They're brilliant but their greasy locks, do jump that jive and wave. All antsy were the adjuncts, as the part-timers did rage.
All right, I am no Lewis Carroll. I don't have the luxury of being a fusty, full-time academic with odd proclivities. Not that there's anything wrong with that.
All this summer, I've been receiving cheery newsletters from the PSC, reassuring me that they are engaged in frank and productive talks with management, and that they are optimistic for our future. All summer. In other words--we are still operating without a contract. There will be no contract in the near future either.
Today, the PSC Special Committee on Adjuncts and Part-timers had a meeting. So much focus was on the vaguaries of collecting uninsurance during the summer months.
There was no further news on the contract. The PSC contract negotiations are based on a closed bargaining process. So, they can't "leak information out or tell you what's going on." The PSC has put a counterproposal and they are "making significant progress" toward equity and $7K. The team is "incredibly devoted." There is "communication." Everyone is "responsive."
Membership was not impressed. Of course, there was only about 30 members present. Hardly a representative sample. Membership was skeptical that the state will give CUNY more money. They predict CUNY will sellout the adjuncts, as usual. Almost all of them said, "Management won't budge without the threat of the strike." PSC leadership was tactful, "I respect your point of view but I don't believe that the bargaining process is worthless. I am hopeful."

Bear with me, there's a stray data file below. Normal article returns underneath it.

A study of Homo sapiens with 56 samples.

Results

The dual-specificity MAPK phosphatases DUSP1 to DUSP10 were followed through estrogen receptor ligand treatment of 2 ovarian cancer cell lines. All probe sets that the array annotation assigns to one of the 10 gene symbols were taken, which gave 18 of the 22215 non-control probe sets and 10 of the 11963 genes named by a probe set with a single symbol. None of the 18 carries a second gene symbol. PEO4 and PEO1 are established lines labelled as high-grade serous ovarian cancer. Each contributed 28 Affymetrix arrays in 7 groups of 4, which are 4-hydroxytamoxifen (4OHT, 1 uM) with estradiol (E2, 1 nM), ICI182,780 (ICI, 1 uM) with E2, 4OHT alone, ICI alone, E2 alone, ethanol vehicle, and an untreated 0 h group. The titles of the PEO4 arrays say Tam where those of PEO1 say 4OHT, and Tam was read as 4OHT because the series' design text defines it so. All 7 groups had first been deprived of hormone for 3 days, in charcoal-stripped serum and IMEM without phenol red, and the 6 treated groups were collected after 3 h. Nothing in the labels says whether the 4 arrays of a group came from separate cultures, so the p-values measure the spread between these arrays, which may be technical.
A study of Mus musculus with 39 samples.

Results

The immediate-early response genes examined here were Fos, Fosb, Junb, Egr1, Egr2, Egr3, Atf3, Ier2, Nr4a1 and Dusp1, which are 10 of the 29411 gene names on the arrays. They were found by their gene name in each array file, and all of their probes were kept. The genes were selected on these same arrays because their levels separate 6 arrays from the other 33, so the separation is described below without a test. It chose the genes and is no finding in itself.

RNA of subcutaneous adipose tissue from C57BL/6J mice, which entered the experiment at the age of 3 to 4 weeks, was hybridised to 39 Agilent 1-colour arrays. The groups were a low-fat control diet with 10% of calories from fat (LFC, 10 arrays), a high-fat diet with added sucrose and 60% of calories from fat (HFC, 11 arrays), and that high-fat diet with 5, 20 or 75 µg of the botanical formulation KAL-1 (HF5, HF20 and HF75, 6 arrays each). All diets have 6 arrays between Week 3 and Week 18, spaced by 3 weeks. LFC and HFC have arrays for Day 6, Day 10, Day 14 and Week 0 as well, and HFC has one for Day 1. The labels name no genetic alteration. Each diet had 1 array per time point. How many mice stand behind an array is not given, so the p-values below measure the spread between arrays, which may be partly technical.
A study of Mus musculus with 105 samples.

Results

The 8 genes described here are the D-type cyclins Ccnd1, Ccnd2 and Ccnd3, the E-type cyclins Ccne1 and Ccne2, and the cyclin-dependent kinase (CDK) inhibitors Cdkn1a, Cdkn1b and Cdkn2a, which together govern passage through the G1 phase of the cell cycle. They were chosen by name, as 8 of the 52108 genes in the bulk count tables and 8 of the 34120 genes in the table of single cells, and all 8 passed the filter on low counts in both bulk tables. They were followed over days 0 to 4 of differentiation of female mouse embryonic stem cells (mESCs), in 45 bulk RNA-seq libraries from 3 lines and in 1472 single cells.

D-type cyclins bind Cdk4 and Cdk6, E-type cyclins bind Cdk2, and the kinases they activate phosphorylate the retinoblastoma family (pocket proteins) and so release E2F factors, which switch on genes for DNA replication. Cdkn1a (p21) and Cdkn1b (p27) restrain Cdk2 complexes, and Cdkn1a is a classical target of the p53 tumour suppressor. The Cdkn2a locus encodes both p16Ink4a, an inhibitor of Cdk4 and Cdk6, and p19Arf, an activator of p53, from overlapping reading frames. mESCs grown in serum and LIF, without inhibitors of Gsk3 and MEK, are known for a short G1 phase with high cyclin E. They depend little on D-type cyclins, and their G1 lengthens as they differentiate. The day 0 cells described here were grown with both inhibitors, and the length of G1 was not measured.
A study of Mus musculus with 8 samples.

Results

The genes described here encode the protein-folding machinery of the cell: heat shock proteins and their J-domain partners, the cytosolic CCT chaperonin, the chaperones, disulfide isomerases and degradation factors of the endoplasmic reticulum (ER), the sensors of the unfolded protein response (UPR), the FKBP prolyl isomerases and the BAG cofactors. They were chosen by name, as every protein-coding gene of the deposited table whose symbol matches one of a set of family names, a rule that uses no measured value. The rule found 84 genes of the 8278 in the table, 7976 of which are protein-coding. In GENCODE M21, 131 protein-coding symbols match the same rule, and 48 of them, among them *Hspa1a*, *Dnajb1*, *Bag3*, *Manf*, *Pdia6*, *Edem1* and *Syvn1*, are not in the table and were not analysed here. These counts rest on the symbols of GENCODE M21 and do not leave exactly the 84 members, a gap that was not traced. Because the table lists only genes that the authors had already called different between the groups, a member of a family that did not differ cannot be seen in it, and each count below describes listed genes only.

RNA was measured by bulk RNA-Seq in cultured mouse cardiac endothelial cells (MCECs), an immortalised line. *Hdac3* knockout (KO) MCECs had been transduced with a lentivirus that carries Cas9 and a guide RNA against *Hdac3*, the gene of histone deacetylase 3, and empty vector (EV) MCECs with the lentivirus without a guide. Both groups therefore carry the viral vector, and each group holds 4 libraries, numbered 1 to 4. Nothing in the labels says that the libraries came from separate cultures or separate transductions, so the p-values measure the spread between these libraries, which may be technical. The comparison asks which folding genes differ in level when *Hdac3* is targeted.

Most of the remainder of the meeting was members calling for strikes, for donations to a strike chest to give out hardship pay. Lots of fingersnaps.
I got no fingersnaps. I said I was not in favor of a strike. CUNY does not care that we are mostly doctoral level individuals with impressive resumes. All they want are warm bodies teaching some sort of curriculum. THe students do not want their lessons disrupted. They have their schedules and their agendas. The full-time professors may support us and make sympathetic noises, but they will not cancel their classes and strike with us. I said we have to make ourselves as relevant as possible. We have to occupy CUNY administration. There are thousands of adjuncts. We do not have to disrupt our students. We do not have to harm our students educational process. We do not harm people with even less than we. We disrupt those with power and funds. We makes ourselves relevant. They don't see us. They don't interact with us. They're not even in the same building or campus as us. Occupy CUNY. Occupy Cuomo's office. Occupy the State House. Occupy the State Senate. But don't hurt those with even less than we.
It was as if I never spoke. All the rest of the speakers were demanding a strike. No one wanted to discuss alternatives. Strikes are energizing in the abstract. The history of academic strikes are not impressive. Chairs will go on social media and have a whole new crew in place by the third missed class. All the rest will be fired. We are not pieceworkers, disrupting the flow of capital to manufacturers. No one cares about intellectual capital.